Always look on the bright side…

Life of Brian’s approach to pre-legislative scrutiny

When something happens that you knew was going to happen, and its as bad as you thought it would be, there ought not to be any additional sense of surprise or concern attached to it. It’s happened; it’s bad; you knew it would be, so what’s new?

But there usually is, if only that what has now happened sweeps away any putative alternatives, and then you’ve got to get along with the reality.

This is where we are with the Energy Bill, published this week. I knew it probably would be published around now, and I knew it would probably be very thin and unformed, and I knew that there would be a great deal of work to be done to get it into any sort of shape to address the issues it claims to do.

I’m still slightly taken aback at just HOW thin it is. The draft  bill consists of 109 clauses,  44 of which are concerned with the establishment of the Office of the Nuclear Regulator.  Seventeen deal with selling off the government strategic  pipelines (?) and miscellaneous bits and pieces, and nine clauses set up a ‘strategy and policy’ statement to be set out each year, leaving just thirty nine clauses for everything discussed in the White Paper and all the EMR reform supposedly required. Not only that, but of the ten schedules set out in the draft bill, only three deal with anything other than the Office for Nuclear Regulation and associated odds and sods.

And… it gets worse. Of the thirty nine clauses dealing with what one might call ‘actual EMR’  six go about setting up what are called ’Investment Instruments’ which are, not to put too fine a point on it notes of comfort for nuclear generators ahead of the actual date on which Contracts for Difference can actually start. They certainly won’t be notes of comfort for anyone else, because they will all be able to obtain Renewables Obligation Certificates until 2017: so a whole section devoted to shoring up EDF ahead of whatever else comes out of the Bill.

This means, of course that  most of the business of making EMR work will be the subject of secondary legislation, most of which still seems to be under intensive discussion.  Here’s the sole substantive entry on demand side response and management in the whole Bill, for example (sorry, correction: it’s not actually in the Bill, but might be, …or might not. The mention is in the preamble piece to the Draft bill):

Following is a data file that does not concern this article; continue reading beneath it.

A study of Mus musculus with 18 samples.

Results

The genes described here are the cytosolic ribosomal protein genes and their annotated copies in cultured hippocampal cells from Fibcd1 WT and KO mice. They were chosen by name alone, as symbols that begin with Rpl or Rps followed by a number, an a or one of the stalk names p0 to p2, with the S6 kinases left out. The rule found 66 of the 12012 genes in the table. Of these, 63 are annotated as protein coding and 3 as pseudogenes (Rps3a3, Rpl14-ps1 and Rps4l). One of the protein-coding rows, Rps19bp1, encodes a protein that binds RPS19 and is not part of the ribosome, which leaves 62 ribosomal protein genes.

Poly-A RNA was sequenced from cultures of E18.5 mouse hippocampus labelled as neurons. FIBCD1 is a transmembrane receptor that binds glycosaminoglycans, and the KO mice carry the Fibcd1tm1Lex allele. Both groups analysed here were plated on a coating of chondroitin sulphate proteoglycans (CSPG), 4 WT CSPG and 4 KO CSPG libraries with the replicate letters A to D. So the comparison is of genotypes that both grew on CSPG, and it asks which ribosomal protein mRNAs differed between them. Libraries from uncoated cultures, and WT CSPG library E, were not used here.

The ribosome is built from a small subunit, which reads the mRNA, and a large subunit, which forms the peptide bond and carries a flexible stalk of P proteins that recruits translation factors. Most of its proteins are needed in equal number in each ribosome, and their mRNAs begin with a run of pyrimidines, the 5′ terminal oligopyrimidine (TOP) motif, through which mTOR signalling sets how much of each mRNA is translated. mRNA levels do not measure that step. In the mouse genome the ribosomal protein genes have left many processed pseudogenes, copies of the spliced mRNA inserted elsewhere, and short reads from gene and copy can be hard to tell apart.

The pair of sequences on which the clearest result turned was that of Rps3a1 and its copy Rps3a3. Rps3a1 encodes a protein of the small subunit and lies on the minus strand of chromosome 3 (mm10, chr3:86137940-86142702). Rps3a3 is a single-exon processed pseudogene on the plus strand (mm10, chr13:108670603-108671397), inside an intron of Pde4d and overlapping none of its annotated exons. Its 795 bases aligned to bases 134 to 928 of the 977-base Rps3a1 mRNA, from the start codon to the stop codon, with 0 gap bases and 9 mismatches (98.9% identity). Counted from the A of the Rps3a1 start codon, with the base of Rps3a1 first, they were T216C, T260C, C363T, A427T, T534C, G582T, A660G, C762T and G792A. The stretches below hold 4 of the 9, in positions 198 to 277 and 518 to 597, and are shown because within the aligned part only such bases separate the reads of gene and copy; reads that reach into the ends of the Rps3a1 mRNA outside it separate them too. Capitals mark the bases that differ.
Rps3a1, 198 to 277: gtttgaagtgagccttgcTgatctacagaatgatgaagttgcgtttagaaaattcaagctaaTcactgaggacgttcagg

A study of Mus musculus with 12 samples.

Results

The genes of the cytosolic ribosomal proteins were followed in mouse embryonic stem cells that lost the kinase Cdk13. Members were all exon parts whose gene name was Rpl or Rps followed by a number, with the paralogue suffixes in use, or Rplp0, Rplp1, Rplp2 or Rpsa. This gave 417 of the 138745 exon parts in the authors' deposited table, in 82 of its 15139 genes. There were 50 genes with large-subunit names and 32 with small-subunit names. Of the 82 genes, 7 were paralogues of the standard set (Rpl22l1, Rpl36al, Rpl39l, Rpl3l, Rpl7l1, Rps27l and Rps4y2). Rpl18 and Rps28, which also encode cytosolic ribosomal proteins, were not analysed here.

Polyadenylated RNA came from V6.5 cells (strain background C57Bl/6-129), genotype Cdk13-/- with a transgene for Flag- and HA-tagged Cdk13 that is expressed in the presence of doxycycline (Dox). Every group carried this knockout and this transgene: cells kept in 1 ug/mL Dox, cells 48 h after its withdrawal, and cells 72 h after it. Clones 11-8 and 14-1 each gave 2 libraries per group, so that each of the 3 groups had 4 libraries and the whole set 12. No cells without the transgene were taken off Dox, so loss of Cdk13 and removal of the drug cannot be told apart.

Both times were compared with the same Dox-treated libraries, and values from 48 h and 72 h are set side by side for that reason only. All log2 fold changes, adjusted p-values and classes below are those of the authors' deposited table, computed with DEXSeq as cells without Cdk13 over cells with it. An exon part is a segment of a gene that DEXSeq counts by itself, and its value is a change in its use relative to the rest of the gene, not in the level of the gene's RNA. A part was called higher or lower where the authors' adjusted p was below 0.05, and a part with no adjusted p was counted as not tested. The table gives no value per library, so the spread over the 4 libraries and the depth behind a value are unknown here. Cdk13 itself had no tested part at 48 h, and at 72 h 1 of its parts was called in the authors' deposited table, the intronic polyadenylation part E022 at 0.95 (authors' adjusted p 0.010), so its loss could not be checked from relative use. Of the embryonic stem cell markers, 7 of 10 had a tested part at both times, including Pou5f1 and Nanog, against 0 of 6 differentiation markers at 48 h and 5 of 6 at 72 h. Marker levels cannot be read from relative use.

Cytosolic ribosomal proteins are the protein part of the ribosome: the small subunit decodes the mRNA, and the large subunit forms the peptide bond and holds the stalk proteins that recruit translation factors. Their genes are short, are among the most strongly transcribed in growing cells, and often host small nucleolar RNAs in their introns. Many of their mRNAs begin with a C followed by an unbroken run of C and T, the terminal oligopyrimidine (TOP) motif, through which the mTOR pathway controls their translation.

‘…we are currently reviewing the potential for incentivising further demand reduction in the electricity sector. This work will report over the summer, in time to fit legislative timetables, should it be required.’

This sort of mention and a number of other hanging ideas and items in progress (such as who if anyone is actually going to be the counterparty for CfDs), make one wonder exactly what it is that the Energy and Climate Change Select committee will actually be scrutinising in the five weeks it has got to do the job before summer. Not much by the looks of it, since most of the meat of scrutiny is still locked in someone’s drawer waiting to be worked on.  I would imaging that, if the Select Committee does its job properly and takes the three to four months on pre-legislative scrutiny recommended by Cabinet Office guidelines, then it will be accused of holding the progress of the bill up, but if it doesn’t most of the content of EMR will tunnel past it underground, emerging only once ‘scrutiny’ is over and the committee can be prayed in aid of whatever emerges. Not a happy prospect either way.


  1. I too had noticed with alarm that the “negawatts” concept has been filed away in the “should it be required” category that you cite. Surprising then how DECC minister Greg Barker told a PRASEG event (chaired by you) as recently as April 23 that ” there is the technical potential to address (sic) up to 38% of electricity demand set for 20430, via energy efficiency measures.”Same event when he described energy efficiency as “the cheapest form of energy available.”

  2. I too noticed the silence on energy efficiency and the demand side. As often in energy policy debates the black hole of nuclear sucks in all matter. I was racking my brain for a suitable Monty Python analogy and the only thing that springs to mind is the two old ladie swho say that the only reason they brought the piston engine is because it was a ‘bargain’. If only that were true of nuclear.

  3. Tom Burke’s latest blog entry – http://tomburke.co.uk/2012/05/28/hinkley-and-sizewell-will-cost-us-155-billion-over-30-years-under-the-cfd/ – cites a back-of-a-fag-packet calculation by Prof. Steve Thomas that puts the cost of a 30-year CfD for Hinkley Point C at £72.5 billion, based on Citi’s strike price estimate of £166/MWh.

    £72.5 billion for 3.2 measly gigawatts. It would actually be cheaper for the government to buy an A-rated washing machine, dishwasher, fridge-freezer, TV, cooker, kettle and loft insulation for every home in Britain. Won’t take 100 years to decommission the washing machines either!

  4. That should read £77.5 billion. Throw in some tumble dryers as well!